Her nimble peasant fingers could do anything, cook, sew, work wood and write lengthy letters. Born in the Canadian village of Saint-Elzéar, her parents, Joseph and Francoise Pariseau, named her Esther. A petite child, she often worked beside her father in his carriage shop. Her mother taught her embroidery, reading and writing. Today Esther Pariseau is better known as Mother Joseph (1823-1902).
Her father traveled to Montreal in 1843 and presented Esther to the Daughters of Charity, Servants of the Poor at the Diocese of Nisqually. (The name was later shortened to the Sisters of Providence.) Her father extolled Esther’s talents, adding one day she’d make an outstanding superior. The order accepted the 20-year-old, renaming her Sister Joseph. For the next several years, while managing the group’s kitchen, bakery, garden and wood shop, she cared for the poor and ill.
Needing help in Oregon Territory, Augustin-Magloire Blanchet, the bishop of Nisqually, requested several sisters in 1852. Sister Joseph volunteered but was too valuable to send. Four years later, she got her chance when Bishop Blanchet made a second plea for help. Sister Joseph found herself in charge of the four nuns traveling from Canada across the Isthmus of Panama to the St. James Mission near Fort Vancouver, Washington Territory.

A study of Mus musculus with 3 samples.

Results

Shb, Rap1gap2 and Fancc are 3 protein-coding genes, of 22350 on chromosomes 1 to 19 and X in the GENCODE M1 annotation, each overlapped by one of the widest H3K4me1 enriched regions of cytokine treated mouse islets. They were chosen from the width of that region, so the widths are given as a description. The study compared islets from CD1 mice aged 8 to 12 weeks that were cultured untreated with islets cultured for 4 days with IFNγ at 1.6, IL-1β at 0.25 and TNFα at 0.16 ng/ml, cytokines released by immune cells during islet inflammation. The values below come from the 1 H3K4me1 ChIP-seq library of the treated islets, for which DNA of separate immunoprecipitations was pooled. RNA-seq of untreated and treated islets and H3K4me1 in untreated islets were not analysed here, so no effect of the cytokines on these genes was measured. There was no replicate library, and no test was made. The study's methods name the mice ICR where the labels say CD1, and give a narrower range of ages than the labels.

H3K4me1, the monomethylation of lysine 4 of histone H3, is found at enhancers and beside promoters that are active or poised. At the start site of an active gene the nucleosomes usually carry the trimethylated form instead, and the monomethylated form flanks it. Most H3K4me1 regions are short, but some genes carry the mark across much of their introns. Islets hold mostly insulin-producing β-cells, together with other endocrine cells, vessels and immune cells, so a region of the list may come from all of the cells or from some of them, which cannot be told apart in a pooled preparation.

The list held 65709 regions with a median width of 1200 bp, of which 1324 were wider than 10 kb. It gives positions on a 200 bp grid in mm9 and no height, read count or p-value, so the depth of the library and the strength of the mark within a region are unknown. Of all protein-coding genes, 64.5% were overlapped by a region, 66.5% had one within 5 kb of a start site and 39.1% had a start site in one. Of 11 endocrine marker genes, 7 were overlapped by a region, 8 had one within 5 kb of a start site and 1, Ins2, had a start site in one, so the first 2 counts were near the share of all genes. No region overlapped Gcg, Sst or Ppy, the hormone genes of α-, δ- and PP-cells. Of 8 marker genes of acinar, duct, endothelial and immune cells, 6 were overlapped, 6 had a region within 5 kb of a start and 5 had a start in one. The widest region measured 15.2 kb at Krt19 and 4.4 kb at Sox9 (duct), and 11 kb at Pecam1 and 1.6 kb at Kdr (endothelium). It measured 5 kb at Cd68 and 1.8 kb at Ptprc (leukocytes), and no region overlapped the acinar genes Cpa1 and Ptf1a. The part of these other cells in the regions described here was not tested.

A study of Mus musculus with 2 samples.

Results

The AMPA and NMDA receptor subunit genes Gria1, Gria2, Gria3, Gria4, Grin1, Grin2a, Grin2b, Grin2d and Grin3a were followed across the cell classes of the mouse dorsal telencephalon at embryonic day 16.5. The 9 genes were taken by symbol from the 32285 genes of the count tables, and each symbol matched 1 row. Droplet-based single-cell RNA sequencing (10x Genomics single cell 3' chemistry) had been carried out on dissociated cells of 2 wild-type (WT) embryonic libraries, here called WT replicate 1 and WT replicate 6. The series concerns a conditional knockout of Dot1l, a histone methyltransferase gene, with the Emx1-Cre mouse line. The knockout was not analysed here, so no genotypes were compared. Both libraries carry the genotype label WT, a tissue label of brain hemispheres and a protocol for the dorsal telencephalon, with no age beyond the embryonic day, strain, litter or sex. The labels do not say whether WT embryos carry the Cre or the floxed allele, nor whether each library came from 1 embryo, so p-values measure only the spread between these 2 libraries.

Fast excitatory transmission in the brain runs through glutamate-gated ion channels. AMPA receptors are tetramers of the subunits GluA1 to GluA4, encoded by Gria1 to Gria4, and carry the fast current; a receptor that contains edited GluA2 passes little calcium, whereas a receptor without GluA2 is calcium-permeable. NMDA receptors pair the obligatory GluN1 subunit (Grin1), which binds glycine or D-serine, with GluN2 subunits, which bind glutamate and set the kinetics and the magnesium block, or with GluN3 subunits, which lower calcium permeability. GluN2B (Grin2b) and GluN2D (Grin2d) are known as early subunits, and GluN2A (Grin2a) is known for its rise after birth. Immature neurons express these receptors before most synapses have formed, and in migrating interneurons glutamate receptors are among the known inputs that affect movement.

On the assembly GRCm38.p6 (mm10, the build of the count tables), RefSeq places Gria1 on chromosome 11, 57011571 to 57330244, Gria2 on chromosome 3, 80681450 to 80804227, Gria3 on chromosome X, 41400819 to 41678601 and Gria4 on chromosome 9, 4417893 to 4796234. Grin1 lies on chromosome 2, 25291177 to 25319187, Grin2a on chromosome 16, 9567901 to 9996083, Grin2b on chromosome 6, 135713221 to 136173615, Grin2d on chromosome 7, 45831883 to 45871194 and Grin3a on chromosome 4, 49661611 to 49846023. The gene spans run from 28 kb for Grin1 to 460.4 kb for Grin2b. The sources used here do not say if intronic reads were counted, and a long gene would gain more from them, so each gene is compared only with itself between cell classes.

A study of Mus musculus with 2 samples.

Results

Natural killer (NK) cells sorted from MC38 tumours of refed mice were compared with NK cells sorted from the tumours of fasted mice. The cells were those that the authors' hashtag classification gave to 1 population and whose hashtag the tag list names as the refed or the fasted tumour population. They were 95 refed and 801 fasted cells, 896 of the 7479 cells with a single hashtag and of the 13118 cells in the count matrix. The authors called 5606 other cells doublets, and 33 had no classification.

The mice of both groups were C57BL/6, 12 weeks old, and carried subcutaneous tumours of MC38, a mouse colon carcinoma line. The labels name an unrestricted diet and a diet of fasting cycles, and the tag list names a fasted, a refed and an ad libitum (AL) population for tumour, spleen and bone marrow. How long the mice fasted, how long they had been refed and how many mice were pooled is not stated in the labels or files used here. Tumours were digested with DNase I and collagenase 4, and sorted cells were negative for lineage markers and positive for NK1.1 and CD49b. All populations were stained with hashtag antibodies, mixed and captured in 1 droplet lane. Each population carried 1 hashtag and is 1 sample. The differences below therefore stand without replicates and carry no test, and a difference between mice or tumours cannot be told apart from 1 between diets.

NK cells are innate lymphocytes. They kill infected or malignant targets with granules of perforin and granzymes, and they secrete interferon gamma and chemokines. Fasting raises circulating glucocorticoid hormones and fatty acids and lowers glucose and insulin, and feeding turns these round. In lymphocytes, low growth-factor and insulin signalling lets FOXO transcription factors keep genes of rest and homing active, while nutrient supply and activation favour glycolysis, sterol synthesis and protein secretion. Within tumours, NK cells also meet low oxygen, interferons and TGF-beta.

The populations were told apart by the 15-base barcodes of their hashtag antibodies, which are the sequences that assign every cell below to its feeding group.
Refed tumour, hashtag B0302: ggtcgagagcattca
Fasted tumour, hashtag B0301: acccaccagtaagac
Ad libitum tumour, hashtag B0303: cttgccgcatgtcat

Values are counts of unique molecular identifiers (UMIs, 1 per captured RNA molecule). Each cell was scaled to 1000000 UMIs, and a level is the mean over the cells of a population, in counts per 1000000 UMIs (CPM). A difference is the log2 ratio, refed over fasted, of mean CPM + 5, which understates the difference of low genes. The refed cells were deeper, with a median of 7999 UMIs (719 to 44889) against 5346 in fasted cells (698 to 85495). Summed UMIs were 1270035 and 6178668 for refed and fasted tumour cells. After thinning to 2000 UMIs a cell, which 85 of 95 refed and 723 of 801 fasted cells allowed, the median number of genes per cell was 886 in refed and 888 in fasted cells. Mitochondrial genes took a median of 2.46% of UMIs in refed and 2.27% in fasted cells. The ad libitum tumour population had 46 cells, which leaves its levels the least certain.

Disembarking at Vancouver from the ship Brother Jonathan, the nuns walked about a mile to the bishop’s place only to find three rough 10-feet-square rooms and a passageway that led to the school, the kitchen and the church. The nuns slept in the building’s unfurnished loft. They opened Providence Academy, the Northwest’s first parochial school, with seven little girls three weeks later.
Shortly after, a penniless 85-year-old man appeared, and Mother Joseph took him in as well. Once again, Mother Joseph was caring for the poor and sickly. Early records show the nuns listed 34 night watches at the homes of the ill. They also taught, gardened, cooked and maintained the bishop’s house.
As an architect, Mother Joseph designed and erected buildings all over the Northwest, including 11 Providence hospitals, five Native American schools and two orphanages. A stickler for detail, she often inspected rafters and bounced on planks to ensure their strength.
Locally, she designed and built Providence Academy, which closed in 1966. Her need for bricks for the school pushed Lowell Hidden into the brick-making business. To fund all her efforts, she conducted monthslong “begging tours” to mining camps in Idaho and Montana to meet her goals. Each realized between $2,000 and $5,000.
Confined to the infirmary with a brain tumor during the winter of 1901, Mother Joseph lay in anguish, her face twisted in pain and denied sleep. Yet she placed a box of chocolates at her bedside to encourage children who visited to repeat the rosary with her. About two weeks before her death, she took her last rites surrounded by her nuns. Pausing between fits of agony, she told the nuns, “whatever concerns the poor is always our affair.”
In 1980, in appreciation of her faith and accomplishments, a statue of her was placed in the National Statuary Hall in Washington, D.C.
Martin Middlewood is editor of the Clark County Historical Society Annual. Reach him at ClarkCoHist@gmail.com.